Photos and Story by Mark Evertz
by Scott Somohano
"When we’re students walking around campus, we just see green," said physical therapy major Cindy Roundtree. "This project helps us get our nose to the ground. It’s like when you learn a new word — you start to see it everywhere."
What began as a biology 213 independent project to clean up last winter’s storm windfall on the Sylvania Campus has turned into an ongoing habitat restoration project. Twenty students are involved, along with five faculty members, the PCC grounds crew, a senior volunteer and interest from the neighborhood.
Torri Fugate, a student in instructor April Ann Fong’s biology class, chose to organize an Earth Day event for one of her independent projects. Fugate spoke to environmental health and safety manager Chris Ells and grounds supervisor John Gwaltney-Beaumont.
They settled on a cleanup of windstorm debris in the forested area below the back parking lot on the west side of campus.
"The cleanup went well, but it became clear that more needed to be done than a one-morning cleanup!" said Fong.
Gwaltney-Beaumont had informed Fong and the students of intended logging in the area for safety and other purposes. "Torri knew I use the forested areas for ecology laboratories," Fong explained, "so she asked John if she could volunteer with the grounds department to write an assessment plan of the natural areas surrounding PCC Sylvania."
"I happened to be in the right place at the right time," said Fugate, of her involvement.
Gwaltney-Beaumont was also interested in launching a program himself — TQM, or total quality management — and the two ideas fit nicely. "Instead of taking care of the grounds ourselves, we actually try to incorporate that with the education programs. It means we take the people’s suggestions on board and work with them. It’s a more cooperative approach."
And it aims to be a more cost-effective one as well. There are nine grounds crew members to cover the estimated 250 acres of landscaped area at the three PCC campuses — Sylvania, Rock Creek and Cascade.
"One of the things I’m finding is that by working with different departments, we can share resources and help reduce the need for outside contractors," Gwaltney-Beaumont said, noting those contractors are now alerted to the new and sensitive undertakings in the wooded area.
The habitat restoration project grew from there. Fugate recruited fellow biology student Rebecca Shreve to help video each ‘natural area’ and another student Dylan Hogan to begin a wildflower collection.
"The plant collection will give people an idea what kind of plants and flowers and stuff are out here. It gives them something to start from," said Hogan.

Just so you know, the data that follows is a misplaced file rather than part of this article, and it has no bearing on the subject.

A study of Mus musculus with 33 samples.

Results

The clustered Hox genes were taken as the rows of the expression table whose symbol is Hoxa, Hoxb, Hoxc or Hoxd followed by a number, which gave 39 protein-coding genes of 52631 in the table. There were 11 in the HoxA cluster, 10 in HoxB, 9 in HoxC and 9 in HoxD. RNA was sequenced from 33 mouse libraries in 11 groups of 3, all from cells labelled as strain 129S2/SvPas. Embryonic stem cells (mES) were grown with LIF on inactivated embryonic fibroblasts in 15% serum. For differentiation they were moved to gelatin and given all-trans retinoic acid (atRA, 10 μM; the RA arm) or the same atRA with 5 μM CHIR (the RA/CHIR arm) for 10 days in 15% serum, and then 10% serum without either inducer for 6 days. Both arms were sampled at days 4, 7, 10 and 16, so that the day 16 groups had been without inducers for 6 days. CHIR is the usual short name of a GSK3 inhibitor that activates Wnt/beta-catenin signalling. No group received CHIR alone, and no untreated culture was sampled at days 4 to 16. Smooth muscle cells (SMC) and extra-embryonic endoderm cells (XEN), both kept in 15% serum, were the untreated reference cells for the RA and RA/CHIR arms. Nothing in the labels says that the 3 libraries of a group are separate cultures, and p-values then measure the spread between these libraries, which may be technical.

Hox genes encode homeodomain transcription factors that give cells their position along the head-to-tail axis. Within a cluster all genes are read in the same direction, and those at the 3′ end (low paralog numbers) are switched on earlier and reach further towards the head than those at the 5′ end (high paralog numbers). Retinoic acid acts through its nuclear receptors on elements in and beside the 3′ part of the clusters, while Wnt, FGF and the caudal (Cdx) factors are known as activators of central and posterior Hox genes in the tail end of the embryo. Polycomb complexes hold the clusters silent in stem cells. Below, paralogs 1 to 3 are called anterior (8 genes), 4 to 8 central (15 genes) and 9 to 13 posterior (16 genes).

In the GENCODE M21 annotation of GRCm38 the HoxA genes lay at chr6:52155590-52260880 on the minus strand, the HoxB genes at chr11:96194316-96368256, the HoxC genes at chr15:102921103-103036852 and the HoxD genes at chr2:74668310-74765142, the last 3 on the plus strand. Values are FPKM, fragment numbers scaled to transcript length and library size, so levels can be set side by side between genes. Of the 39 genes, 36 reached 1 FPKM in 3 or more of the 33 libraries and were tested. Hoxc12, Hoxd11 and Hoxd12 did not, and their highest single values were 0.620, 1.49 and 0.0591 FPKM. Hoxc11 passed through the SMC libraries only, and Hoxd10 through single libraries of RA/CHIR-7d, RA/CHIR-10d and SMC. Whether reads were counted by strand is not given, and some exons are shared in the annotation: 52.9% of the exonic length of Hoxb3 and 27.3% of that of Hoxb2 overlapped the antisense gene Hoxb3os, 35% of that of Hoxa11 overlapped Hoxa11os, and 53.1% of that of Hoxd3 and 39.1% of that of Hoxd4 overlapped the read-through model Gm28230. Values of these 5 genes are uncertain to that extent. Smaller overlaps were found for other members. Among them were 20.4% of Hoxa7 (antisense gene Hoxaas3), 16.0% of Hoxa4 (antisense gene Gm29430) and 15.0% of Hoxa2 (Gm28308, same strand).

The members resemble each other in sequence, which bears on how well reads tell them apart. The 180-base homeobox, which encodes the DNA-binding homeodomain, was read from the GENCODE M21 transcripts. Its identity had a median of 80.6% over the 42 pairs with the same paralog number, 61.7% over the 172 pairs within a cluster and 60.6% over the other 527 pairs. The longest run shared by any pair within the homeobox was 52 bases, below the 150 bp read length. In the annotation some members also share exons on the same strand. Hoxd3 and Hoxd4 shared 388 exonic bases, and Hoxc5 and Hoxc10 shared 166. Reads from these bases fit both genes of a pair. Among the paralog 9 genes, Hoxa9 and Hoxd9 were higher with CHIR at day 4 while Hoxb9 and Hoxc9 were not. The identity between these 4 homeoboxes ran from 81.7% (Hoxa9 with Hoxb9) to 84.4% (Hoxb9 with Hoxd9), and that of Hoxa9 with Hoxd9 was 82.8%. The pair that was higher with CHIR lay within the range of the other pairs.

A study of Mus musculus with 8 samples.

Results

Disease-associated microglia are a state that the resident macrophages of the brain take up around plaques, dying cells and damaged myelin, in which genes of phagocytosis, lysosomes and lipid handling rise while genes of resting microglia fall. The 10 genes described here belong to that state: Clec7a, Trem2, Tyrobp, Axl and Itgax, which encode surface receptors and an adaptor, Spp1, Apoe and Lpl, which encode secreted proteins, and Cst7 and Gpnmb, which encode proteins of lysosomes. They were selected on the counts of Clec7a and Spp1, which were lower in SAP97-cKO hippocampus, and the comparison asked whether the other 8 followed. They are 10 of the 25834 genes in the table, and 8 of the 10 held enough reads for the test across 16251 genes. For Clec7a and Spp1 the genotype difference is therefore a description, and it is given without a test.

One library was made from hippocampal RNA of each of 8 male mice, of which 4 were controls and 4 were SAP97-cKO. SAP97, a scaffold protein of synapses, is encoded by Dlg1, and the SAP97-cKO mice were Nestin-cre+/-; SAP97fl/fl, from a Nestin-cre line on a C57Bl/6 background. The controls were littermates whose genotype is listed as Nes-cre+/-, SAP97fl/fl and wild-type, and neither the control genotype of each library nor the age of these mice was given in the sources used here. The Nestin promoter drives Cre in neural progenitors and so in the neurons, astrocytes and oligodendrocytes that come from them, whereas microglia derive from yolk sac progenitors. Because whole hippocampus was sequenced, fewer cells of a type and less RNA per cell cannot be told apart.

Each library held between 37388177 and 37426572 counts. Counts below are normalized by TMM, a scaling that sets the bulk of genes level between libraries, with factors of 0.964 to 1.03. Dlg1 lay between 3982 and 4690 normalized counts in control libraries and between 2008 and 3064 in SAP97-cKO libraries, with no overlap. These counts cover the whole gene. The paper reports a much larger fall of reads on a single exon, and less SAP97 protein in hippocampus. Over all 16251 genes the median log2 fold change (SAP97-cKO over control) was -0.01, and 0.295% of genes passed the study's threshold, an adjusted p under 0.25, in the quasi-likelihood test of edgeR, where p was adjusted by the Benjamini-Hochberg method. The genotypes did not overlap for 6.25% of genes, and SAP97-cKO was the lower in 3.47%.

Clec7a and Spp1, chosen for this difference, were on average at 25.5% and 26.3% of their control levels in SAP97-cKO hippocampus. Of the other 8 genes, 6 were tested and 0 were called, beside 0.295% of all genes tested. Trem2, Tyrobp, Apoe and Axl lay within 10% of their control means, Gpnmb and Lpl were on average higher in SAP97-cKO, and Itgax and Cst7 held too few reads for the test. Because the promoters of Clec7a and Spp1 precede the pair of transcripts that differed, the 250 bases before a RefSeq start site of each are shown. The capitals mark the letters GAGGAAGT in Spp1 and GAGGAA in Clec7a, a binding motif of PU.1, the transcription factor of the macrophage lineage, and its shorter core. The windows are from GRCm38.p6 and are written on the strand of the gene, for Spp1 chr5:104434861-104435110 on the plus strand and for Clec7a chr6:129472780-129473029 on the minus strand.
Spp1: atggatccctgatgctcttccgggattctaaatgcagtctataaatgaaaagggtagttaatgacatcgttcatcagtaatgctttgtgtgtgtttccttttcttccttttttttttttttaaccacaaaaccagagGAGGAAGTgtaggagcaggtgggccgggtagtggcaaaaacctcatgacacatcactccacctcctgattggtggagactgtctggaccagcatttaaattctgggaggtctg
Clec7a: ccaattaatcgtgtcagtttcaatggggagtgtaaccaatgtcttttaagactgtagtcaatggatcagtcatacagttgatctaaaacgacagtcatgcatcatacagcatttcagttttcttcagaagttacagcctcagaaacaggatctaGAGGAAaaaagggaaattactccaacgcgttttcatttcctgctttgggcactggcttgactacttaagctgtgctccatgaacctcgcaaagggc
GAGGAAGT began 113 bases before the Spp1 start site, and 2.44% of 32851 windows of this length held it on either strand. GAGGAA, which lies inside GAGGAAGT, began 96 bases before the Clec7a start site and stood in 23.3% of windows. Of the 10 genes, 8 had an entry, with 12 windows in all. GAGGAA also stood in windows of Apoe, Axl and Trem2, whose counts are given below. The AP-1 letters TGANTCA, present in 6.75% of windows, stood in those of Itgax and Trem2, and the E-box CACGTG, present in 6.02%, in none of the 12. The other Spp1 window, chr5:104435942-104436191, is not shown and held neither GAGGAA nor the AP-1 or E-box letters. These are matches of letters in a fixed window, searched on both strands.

The group also was put in touch, via the PCC Senior Studies Institute, with senior volunteer Irv Bloom, a Tigard resident and retired graphic artist with the Washington Department of Transportation.
"I just believe in restoring the environment to its natural state, especially in urban areas," said Bloom, who has helped build brush piles, which prevent rapid runoff from storms, as well as provide shelter for the critters that call the wooded areas home — including salamanders, chipmunks, raccoons, and lots of birds.
Project goals are that it will be ongoing and expand to include even more students and faculty from other departments. "We would like to involve the engineering students for surveys and to create GIS (geographic information system) maps of our sites," said Fong. "We would like to grid the areas so that my classes and others can monitor trees and other species over the years.
"We would also like to put up signs, bird houses, bat houses, and other helpful things in these areas where appropriate. Some neighbors at a meeting this summer expressed interest in our project, so hopefully more and more people will become involved."
"We envision different classes — art classes or writing classes — that are interested in going into the woods and writing or drawing," Gwaltney-Beaumont added.
"So far the consensus is the hard work is worth it. The main thing is just restoration and working in teams with people of similar interests," he added.
Fugate, who has at least one more quarter of dirty hands ahead at PCC, agreed. "I would encourage students to participate," she said. "It’s hands-on work I don’t think I could get in the classroom."